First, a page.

Friday, May 06, 2005

Natural History (Dead Stuff) continued

WARNING: You may not want to read this before/during dinner/if you're squeamish when it comes to dead things

We dug up the rabbit skull (see Archives, February). Unfortunately we had left it in the ground for too long. The fissures that hold the bones of a skull together, had begun to seperate. The thinner parts at the base of the skull had partially disintegrated. The intricate nasal cavity folds - surprisingly similar to the fox in intricacy but obviously in a shorter snout - were crumbling. While useless for my brother's skull collection, I may yet use it in a sculpture...

Fortunately the darned blackbirds had disturbed the comorant skull a couple of months ago when it was almost ready. It's sitting in a plastic container waiting to me to dab a bit of PVA glue on its skull fissues, mandible and what not. Why didn't we just dig up the rabbit skull back then? In previous anticipation (is that a tautology?), we dug up gooey possum and rancid fox, that's why.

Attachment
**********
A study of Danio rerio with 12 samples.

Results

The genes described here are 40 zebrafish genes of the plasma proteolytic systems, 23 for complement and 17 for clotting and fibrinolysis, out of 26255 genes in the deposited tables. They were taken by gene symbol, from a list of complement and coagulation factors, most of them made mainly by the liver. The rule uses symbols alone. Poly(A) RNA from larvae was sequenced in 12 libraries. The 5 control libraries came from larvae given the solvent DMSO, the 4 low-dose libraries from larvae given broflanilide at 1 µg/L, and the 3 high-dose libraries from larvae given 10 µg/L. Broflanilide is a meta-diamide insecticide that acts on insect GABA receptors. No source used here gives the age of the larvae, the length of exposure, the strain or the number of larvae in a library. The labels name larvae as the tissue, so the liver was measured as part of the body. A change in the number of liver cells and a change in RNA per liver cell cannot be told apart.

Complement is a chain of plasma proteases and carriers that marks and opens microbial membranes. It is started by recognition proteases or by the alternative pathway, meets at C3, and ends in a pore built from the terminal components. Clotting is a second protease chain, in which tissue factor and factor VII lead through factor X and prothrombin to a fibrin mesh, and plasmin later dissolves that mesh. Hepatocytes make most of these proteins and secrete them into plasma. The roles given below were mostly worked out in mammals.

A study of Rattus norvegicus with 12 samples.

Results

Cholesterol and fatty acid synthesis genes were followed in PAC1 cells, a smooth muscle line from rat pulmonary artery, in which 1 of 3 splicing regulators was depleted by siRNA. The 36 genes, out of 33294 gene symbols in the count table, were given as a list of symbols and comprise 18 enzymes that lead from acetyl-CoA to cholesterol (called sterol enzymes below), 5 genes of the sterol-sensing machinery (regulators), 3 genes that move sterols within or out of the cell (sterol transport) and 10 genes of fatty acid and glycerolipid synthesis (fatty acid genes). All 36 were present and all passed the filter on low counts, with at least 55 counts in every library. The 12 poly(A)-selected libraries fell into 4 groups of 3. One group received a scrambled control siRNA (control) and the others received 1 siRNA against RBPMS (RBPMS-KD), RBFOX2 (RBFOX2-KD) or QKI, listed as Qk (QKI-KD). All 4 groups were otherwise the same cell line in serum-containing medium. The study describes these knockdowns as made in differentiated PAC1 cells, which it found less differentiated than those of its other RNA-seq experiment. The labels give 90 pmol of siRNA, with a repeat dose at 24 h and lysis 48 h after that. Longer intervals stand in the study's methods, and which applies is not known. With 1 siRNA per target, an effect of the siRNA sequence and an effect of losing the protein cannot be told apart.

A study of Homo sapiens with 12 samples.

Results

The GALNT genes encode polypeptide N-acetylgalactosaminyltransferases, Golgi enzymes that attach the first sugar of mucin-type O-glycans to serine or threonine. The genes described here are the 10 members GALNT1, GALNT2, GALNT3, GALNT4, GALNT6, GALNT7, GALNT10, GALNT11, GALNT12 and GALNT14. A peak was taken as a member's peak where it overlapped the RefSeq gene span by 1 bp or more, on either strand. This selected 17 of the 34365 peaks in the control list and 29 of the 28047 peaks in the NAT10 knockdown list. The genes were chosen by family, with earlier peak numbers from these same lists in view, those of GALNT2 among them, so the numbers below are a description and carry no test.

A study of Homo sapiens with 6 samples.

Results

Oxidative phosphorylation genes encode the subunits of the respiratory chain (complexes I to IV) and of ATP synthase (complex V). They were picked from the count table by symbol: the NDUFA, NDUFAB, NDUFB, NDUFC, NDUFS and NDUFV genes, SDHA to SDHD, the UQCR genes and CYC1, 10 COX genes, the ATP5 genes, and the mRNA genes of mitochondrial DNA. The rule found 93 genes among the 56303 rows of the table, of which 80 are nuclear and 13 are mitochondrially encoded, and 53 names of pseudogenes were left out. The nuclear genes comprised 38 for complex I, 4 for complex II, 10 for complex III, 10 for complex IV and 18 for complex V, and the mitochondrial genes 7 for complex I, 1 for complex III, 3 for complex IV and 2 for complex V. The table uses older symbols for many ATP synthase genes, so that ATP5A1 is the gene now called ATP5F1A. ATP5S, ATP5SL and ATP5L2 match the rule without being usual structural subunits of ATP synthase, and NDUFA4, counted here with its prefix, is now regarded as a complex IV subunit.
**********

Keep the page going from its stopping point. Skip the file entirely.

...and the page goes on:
3 comments:

Zak said...

Is this part of some freaky Frankenstein experiment to reanimate dead tissue?

Or better yet, a Weird Science experiment. That movie was cool.

Mel said...

More pre-dinner morbidity. Warnings like that only serve to further compel one to look....

Lady Meerkat said...

It's more about valueing the inherant beauty of a natural object. The means of getting this object is icky, but the result is a thing of artistic beauty, intricacy as well as stimulating amateur scientific thought.

[chuckles] You can't say I didn't warn you this time!